Breaking down the latest updates to the Exclusion Chart and latest CDC guidance

The CDC has added some confusing updates to its recent guidance that you may have gotten some questions about.


Here’s what the new CDC guidance says: 

“If an individual has access to a test and wants to test, the best approach is to use an antigen test towards the end of the 5-day isolation period. Collect the test sample only if you are fever-free for 24 hours without the use of fever-reducing medication and your other symptoms have improved (loss of taste and smell may persist for weeks or months after recovery and need not delay the end of isolation). If your test result is positive, you should continue to isolate until day 10. If your test result is negative,  you can end isolation, but continue to wear a well-fitting mask around others at home and in public until day 10.” 


So, let’s break this down.


A negative test NOT required to return to work after testing COVID positive.

  • These guidelines are optional if a person has access to a test and wants to take one. Realistically, getting multiple tests in under 5 days is a real challenge right now.

If an employee tests positive “toward the end” of their 5-day isolation period, they should stay home until Day 10. 

  • While this is vague and not very actionable as written, it’s reflective of the reality we are seeing, which is that employees are still sick after just 5 days, or they’re very confused about why they can return to work when they just tested positive.
  • To reflect this, we’re making one change…

We have updated our Exclusion Chart!

  • We’ve added the following to our exclusion chart for 5-day exclusions:
  • If an employee tests positive on Days 3-5, (regardless of their symptom status) extend from 5 days to 10 days from start date, even if they are now asymptomatic.

See the updated exclusion chart here!



Here’s what managers should know right now:


Work exclusions are a lot less consistent right now. Here’s why:

  • People with 5 day exclusions are still sick after 5 days
  • People are testing positive toward the end of their 5 days and being extended to 10 days.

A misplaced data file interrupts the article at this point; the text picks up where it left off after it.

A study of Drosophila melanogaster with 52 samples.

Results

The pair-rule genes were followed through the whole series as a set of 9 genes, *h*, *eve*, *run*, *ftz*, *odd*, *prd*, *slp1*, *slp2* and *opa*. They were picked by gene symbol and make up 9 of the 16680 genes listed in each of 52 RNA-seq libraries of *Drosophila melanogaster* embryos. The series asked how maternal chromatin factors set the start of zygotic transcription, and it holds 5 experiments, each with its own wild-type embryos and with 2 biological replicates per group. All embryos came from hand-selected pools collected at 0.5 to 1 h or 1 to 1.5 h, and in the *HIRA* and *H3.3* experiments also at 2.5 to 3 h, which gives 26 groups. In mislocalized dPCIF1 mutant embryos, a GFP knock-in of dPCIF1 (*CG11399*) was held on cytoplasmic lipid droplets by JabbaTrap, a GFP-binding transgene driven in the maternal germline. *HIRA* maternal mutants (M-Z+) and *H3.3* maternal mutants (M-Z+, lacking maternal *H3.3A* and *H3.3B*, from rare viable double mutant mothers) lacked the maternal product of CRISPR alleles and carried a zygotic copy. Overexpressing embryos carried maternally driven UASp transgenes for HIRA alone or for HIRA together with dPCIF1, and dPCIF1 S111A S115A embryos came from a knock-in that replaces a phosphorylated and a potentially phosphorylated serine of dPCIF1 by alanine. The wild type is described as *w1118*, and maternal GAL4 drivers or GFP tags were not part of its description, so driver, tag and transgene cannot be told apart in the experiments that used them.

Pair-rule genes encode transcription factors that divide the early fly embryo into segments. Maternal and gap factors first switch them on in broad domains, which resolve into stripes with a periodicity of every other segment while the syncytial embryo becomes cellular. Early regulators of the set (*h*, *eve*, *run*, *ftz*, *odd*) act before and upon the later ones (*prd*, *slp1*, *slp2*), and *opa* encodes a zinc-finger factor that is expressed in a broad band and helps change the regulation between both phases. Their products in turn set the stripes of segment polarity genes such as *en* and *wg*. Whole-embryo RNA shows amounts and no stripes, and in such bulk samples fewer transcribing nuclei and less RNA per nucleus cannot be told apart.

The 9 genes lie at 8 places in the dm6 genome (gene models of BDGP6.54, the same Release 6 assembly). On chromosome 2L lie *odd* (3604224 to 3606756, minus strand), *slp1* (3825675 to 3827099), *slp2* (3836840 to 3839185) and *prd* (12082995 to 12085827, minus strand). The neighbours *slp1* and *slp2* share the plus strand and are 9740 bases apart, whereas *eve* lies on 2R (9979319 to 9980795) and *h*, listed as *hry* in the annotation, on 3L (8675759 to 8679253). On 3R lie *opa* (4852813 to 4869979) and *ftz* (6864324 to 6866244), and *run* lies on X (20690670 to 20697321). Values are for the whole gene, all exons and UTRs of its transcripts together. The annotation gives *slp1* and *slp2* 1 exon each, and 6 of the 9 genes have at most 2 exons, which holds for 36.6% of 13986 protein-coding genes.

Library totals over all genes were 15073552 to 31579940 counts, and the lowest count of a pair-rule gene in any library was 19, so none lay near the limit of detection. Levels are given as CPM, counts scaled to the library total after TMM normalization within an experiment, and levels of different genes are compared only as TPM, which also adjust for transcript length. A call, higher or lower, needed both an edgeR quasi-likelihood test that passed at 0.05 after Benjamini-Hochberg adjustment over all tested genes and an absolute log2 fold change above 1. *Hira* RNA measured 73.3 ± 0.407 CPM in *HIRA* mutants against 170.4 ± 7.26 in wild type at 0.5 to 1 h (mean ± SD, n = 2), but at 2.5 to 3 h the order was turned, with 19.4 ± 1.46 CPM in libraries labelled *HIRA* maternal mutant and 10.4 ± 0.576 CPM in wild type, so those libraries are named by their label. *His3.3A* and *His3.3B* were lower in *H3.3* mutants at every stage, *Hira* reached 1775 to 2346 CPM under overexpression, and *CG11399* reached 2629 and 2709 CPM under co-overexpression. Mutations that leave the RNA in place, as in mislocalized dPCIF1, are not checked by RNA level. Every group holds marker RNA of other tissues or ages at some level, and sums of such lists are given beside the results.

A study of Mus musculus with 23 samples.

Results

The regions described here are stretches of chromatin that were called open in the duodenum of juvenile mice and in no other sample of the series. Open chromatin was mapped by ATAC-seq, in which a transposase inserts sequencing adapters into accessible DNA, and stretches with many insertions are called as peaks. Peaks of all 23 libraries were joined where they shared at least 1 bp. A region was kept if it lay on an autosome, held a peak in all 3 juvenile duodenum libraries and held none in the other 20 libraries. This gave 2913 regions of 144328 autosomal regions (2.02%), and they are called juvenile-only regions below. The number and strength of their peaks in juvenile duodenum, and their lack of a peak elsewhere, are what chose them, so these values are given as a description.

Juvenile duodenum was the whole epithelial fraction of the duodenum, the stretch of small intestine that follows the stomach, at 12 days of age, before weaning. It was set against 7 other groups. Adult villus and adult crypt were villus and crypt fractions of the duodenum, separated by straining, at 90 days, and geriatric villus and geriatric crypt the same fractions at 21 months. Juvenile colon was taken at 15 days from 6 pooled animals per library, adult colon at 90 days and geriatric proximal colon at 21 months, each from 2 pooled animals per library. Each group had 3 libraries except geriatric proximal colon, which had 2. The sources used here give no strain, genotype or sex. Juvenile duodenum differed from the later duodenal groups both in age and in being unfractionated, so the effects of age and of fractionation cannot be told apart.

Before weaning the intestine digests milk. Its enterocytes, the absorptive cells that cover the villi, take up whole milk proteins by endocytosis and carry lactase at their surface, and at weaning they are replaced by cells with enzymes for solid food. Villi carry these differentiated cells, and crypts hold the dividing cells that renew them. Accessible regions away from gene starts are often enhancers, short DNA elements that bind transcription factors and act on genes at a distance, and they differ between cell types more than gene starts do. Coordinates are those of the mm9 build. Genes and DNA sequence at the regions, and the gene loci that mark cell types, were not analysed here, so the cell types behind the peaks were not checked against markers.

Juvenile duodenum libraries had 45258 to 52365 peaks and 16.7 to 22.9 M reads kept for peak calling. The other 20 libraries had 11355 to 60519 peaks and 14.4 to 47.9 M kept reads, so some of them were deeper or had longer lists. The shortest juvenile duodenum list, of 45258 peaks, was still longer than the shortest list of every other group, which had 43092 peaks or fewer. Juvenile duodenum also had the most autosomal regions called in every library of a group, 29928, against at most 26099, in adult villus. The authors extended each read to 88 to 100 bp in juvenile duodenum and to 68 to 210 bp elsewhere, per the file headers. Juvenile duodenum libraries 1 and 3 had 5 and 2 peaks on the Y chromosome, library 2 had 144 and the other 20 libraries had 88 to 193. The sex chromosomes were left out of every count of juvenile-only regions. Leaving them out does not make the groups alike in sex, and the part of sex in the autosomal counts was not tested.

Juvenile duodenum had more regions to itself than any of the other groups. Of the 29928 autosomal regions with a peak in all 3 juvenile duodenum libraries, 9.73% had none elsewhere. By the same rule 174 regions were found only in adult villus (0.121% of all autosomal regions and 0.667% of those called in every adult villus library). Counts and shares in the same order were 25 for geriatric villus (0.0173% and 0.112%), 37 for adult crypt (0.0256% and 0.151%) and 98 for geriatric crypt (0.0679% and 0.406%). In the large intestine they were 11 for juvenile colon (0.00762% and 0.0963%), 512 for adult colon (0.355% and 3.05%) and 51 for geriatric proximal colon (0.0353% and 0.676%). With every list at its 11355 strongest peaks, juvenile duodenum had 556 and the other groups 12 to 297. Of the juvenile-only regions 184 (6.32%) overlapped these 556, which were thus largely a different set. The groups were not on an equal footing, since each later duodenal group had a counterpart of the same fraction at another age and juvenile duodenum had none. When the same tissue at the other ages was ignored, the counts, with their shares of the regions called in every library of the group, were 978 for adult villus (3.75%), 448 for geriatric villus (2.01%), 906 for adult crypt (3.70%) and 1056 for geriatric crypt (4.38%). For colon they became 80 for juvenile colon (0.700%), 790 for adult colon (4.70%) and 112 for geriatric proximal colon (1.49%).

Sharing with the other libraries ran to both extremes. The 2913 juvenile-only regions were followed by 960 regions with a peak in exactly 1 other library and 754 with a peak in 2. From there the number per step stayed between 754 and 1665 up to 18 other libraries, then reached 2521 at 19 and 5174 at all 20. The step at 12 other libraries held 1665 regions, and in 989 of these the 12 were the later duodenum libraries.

• Some states, counties, and healthcare providers are still using 10 day guidance. 
  • If unvaccinated employees can’t isolate themselves in their home away from someone COVID+, they’ll need to stay out for a full 10 days. If they get sick themselves, it will restart with a 5-day exclusion from their own symptom start date, which may end up being longer than 10 days.


A huge number of people are sick right now.

  • Even vaccinated and boosted people are catching COVID right now. 
  • Dr. Fauci has said that nearly everyone in the US might catch the virus if it continues the way it’s going right now. 
  • Unvaccinated people are at much higher risk for getting very sick or ending up in the hospital. 


Encourage your employees to upload their vaccination status (to our system or whatever system you’re using).

  • If you’ve gotten the booster, or been vaccinated with Moderna or Pfier in the past 6 months, or J&J in the past 2, then you’re considered fully protected and don’t need to quarantine after close contact with someone COVID positive.
  • Everyone else unvaccinated or who hasn’t gotten a booster once they’re eligible must stay home for 5 days after their last exposure to someone with COVID. 
  • Encouraging vaccination and boosters can go a long way in keeping you fully staffed!


We’ll continue to monitor the changing CDC guidance, the OSHA vaccination or test mandate and the Supreme Court ruling about it, and any other updates as we navigate this surge. Thanks for your continued partnership as we work together to stay safe!